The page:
Today’s tip of the week is on SNPTips. We had a guest post on this earlier. We usually do tips on databases and analysis tools, but after getting our 23andme data, we’ve been using SNPTips often and thought it might be of use to some of our readers. SNPTips was created by 5am Solutions for 23andme* customers to easily view their genomic data while browsing the web. The tip will quickly show you how to install the browser extension and what it does. At the end of the tip, I briefly show a custom annotation track I created of my 23andme data using UCSC Genome Browsers** Personal Genome SNP format. The format is not perfect for 23andme data (doesn’t allow for rsID field, has fields of little use with 23andme data, etc), but it does help tremendously if you want to browse your data with the genome browser. You basically take the 23andme data that looks like this:
You can do this in a spreadsheet program like I did, it’s a bit labor intensive. If I decide to do it for my daughter’s and husband’s genome data (which is a distinct possibility), I’d created a perl script to change the format (or maybe there is something already out there?).
It basically entails:
*eliminating the rsID column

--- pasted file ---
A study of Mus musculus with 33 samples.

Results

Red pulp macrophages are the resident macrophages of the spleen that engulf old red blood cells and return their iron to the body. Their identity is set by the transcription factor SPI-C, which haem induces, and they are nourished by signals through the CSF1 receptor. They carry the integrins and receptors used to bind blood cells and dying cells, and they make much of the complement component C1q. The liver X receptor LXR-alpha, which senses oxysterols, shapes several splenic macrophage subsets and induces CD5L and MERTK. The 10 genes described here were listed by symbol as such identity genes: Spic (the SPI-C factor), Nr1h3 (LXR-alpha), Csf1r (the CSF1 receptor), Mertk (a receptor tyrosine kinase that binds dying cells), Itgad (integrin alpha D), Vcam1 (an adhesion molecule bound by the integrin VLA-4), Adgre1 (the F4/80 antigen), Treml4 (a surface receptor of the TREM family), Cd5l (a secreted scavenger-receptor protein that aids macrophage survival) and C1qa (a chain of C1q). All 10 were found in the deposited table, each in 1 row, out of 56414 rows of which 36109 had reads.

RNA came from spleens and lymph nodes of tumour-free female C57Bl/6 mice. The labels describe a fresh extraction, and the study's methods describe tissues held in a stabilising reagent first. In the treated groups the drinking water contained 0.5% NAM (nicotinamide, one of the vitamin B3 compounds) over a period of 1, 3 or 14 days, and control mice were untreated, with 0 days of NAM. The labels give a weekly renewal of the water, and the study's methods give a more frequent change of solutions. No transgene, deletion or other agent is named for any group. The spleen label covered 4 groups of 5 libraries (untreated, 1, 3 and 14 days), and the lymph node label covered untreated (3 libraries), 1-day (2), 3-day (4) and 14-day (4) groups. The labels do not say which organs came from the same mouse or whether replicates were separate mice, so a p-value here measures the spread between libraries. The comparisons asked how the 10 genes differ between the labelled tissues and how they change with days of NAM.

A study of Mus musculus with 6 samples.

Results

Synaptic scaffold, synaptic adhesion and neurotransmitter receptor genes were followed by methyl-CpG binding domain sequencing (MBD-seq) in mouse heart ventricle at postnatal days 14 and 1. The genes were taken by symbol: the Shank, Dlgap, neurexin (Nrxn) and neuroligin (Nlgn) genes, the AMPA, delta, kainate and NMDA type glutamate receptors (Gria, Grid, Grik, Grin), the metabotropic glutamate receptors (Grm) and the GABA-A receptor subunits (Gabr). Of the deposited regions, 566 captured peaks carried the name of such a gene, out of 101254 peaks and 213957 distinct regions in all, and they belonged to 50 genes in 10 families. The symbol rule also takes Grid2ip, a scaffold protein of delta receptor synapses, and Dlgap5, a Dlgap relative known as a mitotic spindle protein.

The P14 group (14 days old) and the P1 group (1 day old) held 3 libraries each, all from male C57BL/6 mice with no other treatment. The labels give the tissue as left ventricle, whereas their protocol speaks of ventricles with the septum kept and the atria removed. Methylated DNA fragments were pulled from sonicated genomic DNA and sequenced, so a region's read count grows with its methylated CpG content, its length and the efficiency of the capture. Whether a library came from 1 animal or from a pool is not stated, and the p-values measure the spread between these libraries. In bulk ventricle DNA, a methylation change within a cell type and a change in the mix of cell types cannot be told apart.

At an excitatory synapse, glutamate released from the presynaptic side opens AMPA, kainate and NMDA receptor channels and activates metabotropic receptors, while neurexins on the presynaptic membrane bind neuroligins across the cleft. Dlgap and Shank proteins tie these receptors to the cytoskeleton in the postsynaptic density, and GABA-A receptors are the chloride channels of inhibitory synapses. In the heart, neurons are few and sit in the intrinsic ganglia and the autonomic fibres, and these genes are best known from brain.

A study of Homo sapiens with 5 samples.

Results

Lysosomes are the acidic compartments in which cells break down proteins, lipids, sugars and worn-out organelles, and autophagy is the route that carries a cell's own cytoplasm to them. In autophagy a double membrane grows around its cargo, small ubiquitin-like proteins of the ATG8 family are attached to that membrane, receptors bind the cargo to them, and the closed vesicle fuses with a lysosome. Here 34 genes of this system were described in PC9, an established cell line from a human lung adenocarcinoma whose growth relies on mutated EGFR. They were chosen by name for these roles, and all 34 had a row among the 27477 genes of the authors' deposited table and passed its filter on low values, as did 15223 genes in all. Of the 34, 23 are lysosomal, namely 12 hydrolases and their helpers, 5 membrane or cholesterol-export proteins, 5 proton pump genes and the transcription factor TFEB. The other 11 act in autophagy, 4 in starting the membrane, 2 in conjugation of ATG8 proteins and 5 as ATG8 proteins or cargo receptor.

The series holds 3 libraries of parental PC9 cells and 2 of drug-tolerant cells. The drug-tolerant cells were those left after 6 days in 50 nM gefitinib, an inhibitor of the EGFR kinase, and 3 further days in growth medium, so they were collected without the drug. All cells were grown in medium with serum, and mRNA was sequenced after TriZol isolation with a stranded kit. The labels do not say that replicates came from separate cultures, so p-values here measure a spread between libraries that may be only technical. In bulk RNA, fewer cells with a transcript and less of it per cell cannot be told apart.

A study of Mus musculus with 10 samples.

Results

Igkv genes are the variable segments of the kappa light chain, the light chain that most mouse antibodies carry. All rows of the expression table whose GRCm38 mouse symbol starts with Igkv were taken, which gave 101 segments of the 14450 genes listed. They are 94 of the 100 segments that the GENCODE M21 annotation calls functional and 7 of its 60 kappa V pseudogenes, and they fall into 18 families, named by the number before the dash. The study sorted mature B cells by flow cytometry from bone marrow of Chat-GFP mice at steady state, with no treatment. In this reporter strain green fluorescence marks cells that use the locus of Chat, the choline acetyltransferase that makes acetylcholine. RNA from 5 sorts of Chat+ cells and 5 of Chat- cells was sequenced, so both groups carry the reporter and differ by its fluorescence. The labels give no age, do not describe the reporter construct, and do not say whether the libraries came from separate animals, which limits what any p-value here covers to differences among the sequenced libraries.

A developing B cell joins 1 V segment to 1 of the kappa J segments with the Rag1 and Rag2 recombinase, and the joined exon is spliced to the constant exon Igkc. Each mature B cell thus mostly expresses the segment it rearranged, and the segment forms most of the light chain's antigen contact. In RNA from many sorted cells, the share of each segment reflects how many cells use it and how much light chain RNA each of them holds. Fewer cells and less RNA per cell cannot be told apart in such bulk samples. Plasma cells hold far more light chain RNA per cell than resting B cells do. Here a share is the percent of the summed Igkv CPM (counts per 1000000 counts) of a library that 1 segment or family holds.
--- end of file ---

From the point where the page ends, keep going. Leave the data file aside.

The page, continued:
*rearranging the columns to the correct order
*adding “chr” to the chromosome number
*adding four columns, 1 with the number of alleles, 2 with 0′s (frequency data the 23andme data doesn’t have)
*changing the genotypes from xx to x and xy to x/y.
Remember also that the 23andme position data is from build 36 (2006, hg18) and the genotypes displayed in 23andme data are oriented with respect to the positive strand on the reference assembly.
It’s not the most elegant solution, but it works and nicely with SNPTips. It has been quite addictive for me . I’m sure there are more elegant ones that can be done.
*OpenHelix and it’s employees have no commercial connection or financial interest with 5amsolutions or 23andme.
**UCSC sponsors tutorials and outreach with OpenHelix through as a subgrantee.